The rapid warming of the earth’s atmosphere poses historic challenges for the world — and for the National Wildlife Refuge System.
Climate change impacts — extended droughts, massive floods, intense hurricanes and catastrophic wildfires — are occurring more often and causing more damage than at any time in recorded history. Related weather disturbances are swallowing coastlines, drying timberlands, fueling wildfires and changing soil quality.
In such conditions, how does the Refuge System fulfill its mission to conserve wildlife and wildlife habitat for the benefit of the American people? As up-ends species and undermines long-existing habitats, how do we respond? By rethinking business-as-usual wildlife management practices and making hard choices.
Because the environmental changes under way are so pronounced and so widespread, fighting them all is not possible. Instead, the Refuge System is using the best-available science to help decide where to adapt, where to resist and what tools to use to do so.
Landscapes in Flux
In the past, habitats — areas that provide the food and shelter wildlife need to survive— were relatively stable: Wildlife moved in and out, but, generally, scientists knew what conditions to expect. No more. Across the Refuge System, particularly in the far north and along the East Coast, warming-induced changes are so marked that the past is no longer predictive of the future.
Some of the most pronounced effects are being seen in Alaska, Florida and the Southeast.
At Arctic National Wildlife Refuge in Alaska, the wildfire season now stretches from April to September—about a month longer than in the past, thanks in part to climate change. The longer season, combined with drier conditions, is leading to more frequent and more severe wildfires.
Farther south in Alaska’s Kenai Peninsula, increased wildfire activity has consumed subalpine and alpine habitats that usually do not burn. Warmer and drier conditions have also brought more beetle infestation and fire disturbance to spruce forests. Forest regeneration is no longer supported in these stands. Instead, a savannah grassland is emerging, totally altering the region’s historic ecosystem.
In Florida, National Key Deer Refuge is slowly sinking, succumbing to sea-level rise. As the island shrinks, so does habitat for threatened Key deer, which live only in the Florida Keys.
Along the South Carolina coast, the islands of Cape Romain National Wildlife Refuge provide important nesting habitat for the endangered loggerhead sea turtle. But rising seas are eroding nesting areas so badly that staff and volunteers must often rescue and relocate turtle nests before they are washed out to sea.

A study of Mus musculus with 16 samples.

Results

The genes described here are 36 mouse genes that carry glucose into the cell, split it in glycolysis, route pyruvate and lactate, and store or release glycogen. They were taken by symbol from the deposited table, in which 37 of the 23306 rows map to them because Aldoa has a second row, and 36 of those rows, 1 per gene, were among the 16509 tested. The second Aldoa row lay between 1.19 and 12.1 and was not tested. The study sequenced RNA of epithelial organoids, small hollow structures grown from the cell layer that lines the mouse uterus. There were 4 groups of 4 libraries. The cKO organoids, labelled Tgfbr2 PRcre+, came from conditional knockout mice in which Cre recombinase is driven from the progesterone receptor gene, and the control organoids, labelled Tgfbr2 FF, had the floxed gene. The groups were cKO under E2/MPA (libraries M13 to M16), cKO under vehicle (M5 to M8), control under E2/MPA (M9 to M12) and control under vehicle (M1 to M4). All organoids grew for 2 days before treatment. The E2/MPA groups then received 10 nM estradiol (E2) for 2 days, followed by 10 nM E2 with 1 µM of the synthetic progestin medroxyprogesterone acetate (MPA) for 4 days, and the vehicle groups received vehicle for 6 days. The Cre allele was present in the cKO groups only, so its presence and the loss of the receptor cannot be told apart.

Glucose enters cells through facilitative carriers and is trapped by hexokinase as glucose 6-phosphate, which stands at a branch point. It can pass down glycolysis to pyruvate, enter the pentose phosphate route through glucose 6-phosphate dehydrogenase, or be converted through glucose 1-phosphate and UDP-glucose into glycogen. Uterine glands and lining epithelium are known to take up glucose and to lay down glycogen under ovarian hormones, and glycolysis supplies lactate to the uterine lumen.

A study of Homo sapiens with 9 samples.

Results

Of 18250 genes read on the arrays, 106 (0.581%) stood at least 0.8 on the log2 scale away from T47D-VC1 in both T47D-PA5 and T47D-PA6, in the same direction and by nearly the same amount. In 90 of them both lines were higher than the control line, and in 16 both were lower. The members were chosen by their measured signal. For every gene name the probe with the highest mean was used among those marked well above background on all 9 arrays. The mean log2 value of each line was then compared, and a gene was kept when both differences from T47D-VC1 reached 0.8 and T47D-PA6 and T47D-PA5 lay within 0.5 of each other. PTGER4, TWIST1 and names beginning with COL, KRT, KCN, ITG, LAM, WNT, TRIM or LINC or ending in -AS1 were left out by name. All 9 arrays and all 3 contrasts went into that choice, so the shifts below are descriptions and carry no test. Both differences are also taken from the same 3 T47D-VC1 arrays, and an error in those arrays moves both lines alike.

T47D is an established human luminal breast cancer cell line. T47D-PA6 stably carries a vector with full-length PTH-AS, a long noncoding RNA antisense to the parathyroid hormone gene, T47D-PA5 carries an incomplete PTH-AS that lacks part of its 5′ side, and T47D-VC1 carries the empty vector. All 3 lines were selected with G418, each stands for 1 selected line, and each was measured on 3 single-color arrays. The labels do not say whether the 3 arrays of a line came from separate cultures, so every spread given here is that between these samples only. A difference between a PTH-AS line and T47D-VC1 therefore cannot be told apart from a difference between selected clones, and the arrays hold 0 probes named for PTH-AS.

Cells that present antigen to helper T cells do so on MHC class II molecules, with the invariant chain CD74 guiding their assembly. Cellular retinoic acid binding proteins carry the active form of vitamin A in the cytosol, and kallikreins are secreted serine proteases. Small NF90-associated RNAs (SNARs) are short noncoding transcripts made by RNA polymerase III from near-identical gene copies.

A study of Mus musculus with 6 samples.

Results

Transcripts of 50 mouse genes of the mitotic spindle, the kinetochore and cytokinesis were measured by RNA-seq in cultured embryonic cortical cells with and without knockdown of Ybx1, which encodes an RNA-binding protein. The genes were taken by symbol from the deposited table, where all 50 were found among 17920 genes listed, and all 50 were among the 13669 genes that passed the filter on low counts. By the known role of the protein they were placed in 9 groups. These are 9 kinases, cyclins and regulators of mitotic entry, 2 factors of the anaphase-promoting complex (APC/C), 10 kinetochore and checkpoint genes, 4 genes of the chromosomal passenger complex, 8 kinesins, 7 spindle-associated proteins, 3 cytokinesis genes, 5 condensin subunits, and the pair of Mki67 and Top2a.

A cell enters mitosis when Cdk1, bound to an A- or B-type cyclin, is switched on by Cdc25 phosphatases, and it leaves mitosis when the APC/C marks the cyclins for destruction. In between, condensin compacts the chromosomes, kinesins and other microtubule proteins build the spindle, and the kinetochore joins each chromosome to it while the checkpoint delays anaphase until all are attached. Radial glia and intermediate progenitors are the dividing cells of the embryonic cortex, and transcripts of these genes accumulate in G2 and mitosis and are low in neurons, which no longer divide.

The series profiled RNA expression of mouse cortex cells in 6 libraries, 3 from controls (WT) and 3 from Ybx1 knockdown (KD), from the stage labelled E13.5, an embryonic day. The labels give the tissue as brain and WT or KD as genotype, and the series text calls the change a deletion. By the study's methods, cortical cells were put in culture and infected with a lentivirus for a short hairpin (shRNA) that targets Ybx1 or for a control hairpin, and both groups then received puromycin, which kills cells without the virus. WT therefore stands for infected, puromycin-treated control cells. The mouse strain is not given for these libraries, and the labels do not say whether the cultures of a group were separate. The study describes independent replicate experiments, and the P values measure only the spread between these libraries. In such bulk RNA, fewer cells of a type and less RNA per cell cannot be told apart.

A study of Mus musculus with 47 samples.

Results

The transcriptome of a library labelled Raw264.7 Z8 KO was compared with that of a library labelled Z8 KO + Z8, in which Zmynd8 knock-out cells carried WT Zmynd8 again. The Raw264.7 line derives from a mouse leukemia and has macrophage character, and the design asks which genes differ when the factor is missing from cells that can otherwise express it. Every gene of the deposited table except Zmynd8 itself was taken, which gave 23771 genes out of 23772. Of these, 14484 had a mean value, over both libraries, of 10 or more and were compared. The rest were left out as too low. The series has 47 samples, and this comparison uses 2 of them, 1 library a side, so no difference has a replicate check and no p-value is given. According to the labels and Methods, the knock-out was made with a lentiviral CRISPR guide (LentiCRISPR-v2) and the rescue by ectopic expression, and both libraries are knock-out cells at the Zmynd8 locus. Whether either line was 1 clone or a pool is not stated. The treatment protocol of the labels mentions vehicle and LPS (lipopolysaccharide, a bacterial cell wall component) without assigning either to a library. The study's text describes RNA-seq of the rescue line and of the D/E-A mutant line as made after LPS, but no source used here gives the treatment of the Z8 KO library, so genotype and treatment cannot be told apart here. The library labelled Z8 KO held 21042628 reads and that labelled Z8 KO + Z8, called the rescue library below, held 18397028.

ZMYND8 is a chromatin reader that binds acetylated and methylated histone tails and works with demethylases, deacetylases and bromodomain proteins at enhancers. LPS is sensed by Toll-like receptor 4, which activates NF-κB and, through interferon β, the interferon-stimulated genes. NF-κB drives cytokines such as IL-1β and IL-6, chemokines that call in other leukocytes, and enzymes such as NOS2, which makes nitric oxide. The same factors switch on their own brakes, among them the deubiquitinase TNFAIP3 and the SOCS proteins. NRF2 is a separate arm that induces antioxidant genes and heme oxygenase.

The American crocodile, native to southern Florida, also faces pressure from rising seas. Staff at Crocodile Lake National Wildlife Refuge have to add sand to historic nesting mounds to elevate them and “buy time” for these ancient reptiles.
In the Great Plains, some bird species are shifting their range up to 360 miles northward, according to recent studies. Some species that used to winter in the South may no longer need to migrate as far to find food or shelter. This is especially true for waterfowl, which seek open water and food in winter.
Tropical plant species like mangroves also are moving north, as cold snaps that used to stop them become less frequent. Along the Texas coast near Aransas National Wildlife Refuge, mangroves are encroaching into salt marshes that provide winter habitat for endangered whooping cranes. Land managers worry that if the expansion continues, it will shrink winter habitat for these rare birds.
When ocean water becomes too warm, sea corals expel the algae living in their tissues and turn white. Without the algae that they need to grow, corals become stressed and vulnerable to further damage. Such “coral bleaching” events tied to climate change are becoming more common in areas around Rose Atoll National Wildlife Refuge and elsewhere in the Pacific Ocean.
At Agassiz National Wildlife Refuge and elsewhere in northern Minnesota, warmer temperatures and accompanying habitat changes are pushing cold-loving moose farther north. Growing numbers of white-tailed deer are taking over habitat previously occupied by moose. With the deer come deer ticks, which further stress the moose that remain.
More severe and prolonged drought forecast for the Southwest, exacerbated by climate change, is expected to change the makeup of pinion-juniper forests and the animals that live in them. Pinion trees depend on birds like the pinion jay to broadly distribute their seeds. When there are fewer pinions and fewer birds, as a result of drought, both suffer losses.
At Colorado’s Arapaho National Wildlife Refuge and other places in the Rockies, small mammals are climbing higher to beat the heat. Some, like the pika, a tiny rabbit-like mammal, are running out of places to move because they already live high in the mountains.